Alok Ranjan, B.Optom

Fellow Optometrist, Dr Shroff’s Charity Eye Hospital, New Delhi, India


Glaucoma is a group of disorders that damages the optic nerve, which is essential for good visual performance. This damage is often caused by an abnormally high intraocular pressure.

To prevent glaucomatous damage, it is very important to have a regular eye examination after the age of 40 years especially for those who have a history of glaucoma in their bloodline.

This article belongs to the effect of high altitude on intraocular pressure.

Intraocular pressure swing at higher altitude has been the subject of controversy for many years.(1) In recent times, several groups’ observations about intraocular pressure have shown increased intraocular pressure, while others show decreased intraocular pressure, normal intraocular pressure and even a reduction in intraocular pressure that occurred within hours of ascent and recovered during adaptation period. The process of these changes remains unanswered.(1) The effect of altitude on intraocular pressure and its significance may be hampered by several factors.Failure to correct central corneal thickness, which increases significantly at high altitudes can artificially swing intraocular pressure.(1)The higher altitude, the exposure duration as well as physical activity appears to play crucial role in the effect of high altitude on intraocular pressure.(1)

Hypobaric hypoxia at very high altitude causes small but statically significant changes in intraocular pressure that are regulated by systemic oxygen saturation. Climbs to very high altitude seem to be safe with regard to intraocular pressure changes.(2)

Intraocular pressure changes significantly in the ascent phases (0.58mmHg/100m) and recovered (0.71mmHg/100m) during adaptation and descent phases. Intraocular pressure changes are related to hypoxia induced respiratory alkalosis and adaptation stages.(3) Filtration surgery of primary open angle glaucoma patients in one eye may be protective against intraocular pressure fluctuations associated with ascent to high altitudes. Non-operated eye shows the increased intraocular pressure in every 1000 metre is 1.73 mmHg but there is no significant changes of intraocular pressure in filtration surgery done eye.(4)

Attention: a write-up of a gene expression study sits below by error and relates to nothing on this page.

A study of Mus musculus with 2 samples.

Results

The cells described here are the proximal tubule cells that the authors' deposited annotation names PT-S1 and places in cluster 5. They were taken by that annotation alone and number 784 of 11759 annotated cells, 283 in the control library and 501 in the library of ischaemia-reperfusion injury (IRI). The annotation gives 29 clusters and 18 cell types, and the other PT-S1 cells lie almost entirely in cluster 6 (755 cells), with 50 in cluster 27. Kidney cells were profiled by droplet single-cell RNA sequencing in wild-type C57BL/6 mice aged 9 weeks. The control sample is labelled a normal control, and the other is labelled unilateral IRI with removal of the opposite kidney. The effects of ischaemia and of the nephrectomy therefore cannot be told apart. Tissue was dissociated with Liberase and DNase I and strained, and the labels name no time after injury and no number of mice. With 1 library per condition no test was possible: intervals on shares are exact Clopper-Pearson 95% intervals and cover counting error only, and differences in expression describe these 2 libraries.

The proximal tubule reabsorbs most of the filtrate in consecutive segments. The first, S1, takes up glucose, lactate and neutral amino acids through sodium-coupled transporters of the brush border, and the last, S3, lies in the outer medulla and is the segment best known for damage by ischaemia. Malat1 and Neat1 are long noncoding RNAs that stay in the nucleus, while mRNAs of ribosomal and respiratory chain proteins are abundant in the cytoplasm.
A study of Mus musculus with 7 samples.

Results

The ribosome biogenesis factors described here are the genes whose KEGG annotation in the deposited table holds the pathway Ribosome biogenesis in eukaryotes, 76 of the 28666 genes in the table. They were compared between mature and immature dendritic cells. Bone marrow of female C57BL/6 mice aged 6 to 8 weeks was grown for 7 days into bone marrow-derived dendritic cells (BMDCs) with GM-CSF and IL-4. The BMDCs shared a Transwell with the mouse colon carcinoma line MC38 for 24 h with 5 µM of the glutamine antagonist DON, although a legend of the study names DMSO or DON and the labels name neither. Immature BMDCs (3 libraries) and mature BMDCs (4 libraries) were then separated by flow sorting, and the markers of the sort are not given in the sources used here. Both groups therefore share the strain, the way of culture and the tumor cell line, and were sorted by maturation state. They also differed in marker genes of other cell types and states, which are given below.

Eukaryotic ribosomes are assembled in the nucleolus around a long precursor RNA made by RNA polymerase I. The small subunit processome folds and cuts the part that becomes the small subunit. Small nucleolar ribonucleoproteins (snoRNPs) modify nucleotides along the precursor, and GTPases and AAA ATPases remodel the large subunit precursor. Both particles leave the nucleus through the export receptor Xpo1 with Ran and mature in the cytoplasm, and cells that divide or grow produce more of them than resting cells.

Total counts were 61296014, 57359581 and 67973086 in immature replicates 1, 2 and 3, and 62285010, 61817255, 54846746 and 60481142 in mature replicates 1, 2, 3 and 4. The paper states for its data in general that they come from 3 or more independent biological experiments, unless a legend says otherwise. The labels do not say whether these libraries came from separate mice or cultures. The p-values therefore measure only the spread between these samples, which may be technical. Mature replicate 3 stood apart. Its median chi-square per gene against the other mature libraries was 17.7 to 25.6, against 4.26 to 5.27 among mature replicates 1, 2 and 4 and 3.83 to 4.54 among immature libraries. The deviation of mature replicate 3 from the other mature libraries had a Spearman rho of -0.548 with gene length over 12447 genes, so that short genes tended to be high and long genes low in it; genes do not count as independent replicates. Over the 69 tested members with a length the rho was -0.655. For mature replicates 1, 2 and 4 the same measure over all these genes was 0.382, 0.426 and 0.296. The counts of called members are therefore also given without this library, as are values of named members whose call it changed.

Some studies on intraocular pressure changes of healthy low landers at different altitude levels showed significant decrease in intraocular pressure at high altitude of approx. 3,000-5,000 metre above sea-level whereas increase in intraocular pressure at extreme altitude of over 5,500 metre above sea-level with duration of exposure more than 72 hours.(5)


Therefore, the reason for the observed rise in intraocular pressure may include both changes in central corneal thickness and exercise but a complete understanding of the mechanism behind these changes remains distant.



  1. Somner JE, Morris DS, Scott KM, MacCormick IJ, Aspinall P, Dhillon B. What happens to intraocular pressure at high altitude? Investigative ophthalmology & visual science. 2007 Apr 1;48(4):1622-6.
  2. Bosch MM, Barthelmes D, Merz TM, Truffer F, Knecht PB, Petrig B, Bloch KE, Hefti U, Schubiger G, Landau K. Intraocular pressure during a very high-altitude climb. Investigative ophthalmology & visual science. 2010 Mar 1;51(3):1609-13.
  3. Pavlidis M, Stupp T, Georgalas I, Georgiadou E, Moschos M, Thanos S. Intraocular pressure changes during high-altitude acclimatisation. Graefe’s Archive for Clinical and Experimental Ophthalmology. 2006 Mar;244(3):298-304.
  4. Foulsham W, Tatham AJ. High altitude-associated changes in intraocular pressure abrogated by trabeculectomy. Journal of Glaucoma. 2017 Oct 1;26 (10):957-60.
  5. Yang Y, Xie Y, Sun Y, Cao K, Li S, Fan S, Huang L, Wu S, Wang N. Intraocular Pressure Changes of Healthy Lowlanders at Different Altitude Levels: A Systematic Review and Meta-Analysis. Frontiers in Physiology. 2019:1366.